Thursday's post, "Why You Should Pay Attention To The ‘Friedrichs’ Supreme Court Case," looked at the issues in the Friedrichs v. California Teachers Association case:
This time it is a case involving the rights of public-employee unions to charge employees a fee for the services the unions are required by law to provide to all employees – even those who are not members of the union. The goal is to bankrupt the unions by denying them the funds necessary to perform the required services.
The argument is that since unions protect working people’s pay and rights, paying fees for union services therefore violates the “free speech” of those who support concentrated wealth and power.
The Freidrichs case is not just about unions. It is also setting up an argument against separation of church and state. The case was brought by a teacher named Rebecca Friedrichs, backed by the Christian Educators Association. Sarah Posner explains in "Anti-union SCOTUS Challenge Threatens Church-State Separation " at The American Prospect, (Be sure to read the whole piece, it is comprehensive.)
The lead plaintiff in the challenge before the High Court is Rebecca Friedrichs, a teacher in California’s Savanna School District; she is joined in the suit by nine additional individuals, and one organization: the Christian Educators Association International (CEAI), which bills itself as an alternative to the “secular” teachers’ unions, and argues openly that the Constitution does not bar teachers from imparting their Christian faith in their classrooms.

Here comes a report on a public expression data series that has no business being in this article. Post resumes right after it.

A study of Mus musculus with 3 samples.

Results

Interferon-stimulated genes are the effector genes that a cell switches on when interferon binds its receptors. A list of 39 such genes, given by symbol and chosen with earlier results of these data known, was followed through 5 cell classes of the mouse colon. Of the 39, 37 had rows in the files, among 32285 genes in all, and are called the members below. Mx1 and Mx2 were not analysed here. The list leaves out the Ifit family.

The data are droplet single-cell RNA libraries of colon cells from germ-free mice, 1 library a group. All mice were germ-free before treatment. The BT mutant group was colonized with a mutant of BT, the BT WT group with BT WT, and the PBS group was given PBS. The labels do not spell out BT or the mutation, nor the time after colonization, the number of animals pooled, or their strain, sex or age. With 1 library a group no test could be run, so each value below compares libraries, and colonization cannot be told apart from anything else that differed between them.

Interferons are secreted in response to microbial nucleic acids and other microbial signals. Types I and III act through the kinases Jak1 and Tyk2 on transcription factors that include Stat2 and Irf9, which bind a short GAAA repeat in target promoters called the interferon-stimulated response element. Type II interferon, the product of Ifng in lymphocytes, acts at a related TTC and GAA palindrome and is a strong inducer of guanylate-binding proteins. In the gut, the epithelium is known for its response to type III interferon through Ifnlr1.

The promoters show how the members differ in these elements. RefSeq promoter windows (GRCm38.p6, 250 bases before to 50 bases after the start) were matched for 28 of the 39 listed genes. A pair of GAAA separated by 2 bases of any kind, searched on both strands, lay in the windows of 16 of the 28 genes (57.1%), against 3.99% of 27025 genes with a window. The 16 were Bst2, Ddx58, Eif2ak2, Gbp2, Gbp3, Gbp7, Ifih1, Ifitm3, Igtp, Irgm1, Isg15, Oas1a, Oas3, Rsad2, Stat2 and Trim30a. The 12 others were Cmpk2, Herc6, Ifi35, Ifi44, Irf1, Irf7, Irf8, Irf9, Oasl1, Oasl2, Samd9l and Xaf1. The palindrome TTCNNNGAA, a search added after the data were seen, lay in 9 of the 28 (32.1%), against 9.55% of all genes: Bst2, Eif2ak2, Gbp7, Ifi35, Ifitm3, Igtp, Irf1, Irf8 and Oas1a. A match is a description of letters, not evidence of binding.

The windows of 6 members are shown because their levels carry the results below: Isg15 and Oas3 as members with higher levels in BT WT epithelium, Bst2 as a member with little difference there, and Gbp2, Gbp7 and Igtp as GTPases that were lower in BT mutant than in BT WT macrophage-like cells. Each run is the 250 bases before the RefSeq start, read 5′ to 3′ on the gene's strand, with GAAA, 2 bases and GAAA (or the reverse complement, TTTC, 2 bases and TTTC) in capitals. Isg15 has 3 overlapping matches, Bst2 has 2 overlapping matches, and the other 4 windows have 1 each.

Should those unions find themselves on the losing side of the Friedrichs case, an important bulwark against the incursion of religion in public schools will be undermined.
[. . .] Although it is not apparent from reading CEAI’s Supreme Court brief, if the Friedrichs plaintiffs are successful, the ripple effect of their efforts could do more than undermine unions: It could open another chapter in the war over religion in public schools, emboldening groups such as CEAI to intensify efforts to allow public school teachers to endorse and promote religion with their students once their best-organized opponents—the teachers’ unions—are weakened.
See if you can guess who is paying for this case? "Representing CEAI and the other plaintiffs is the Center for Individual Rights, a pro-bono law firm whose donors are linked to the Koch brothers, the billionaires known for their opposition to labor unions."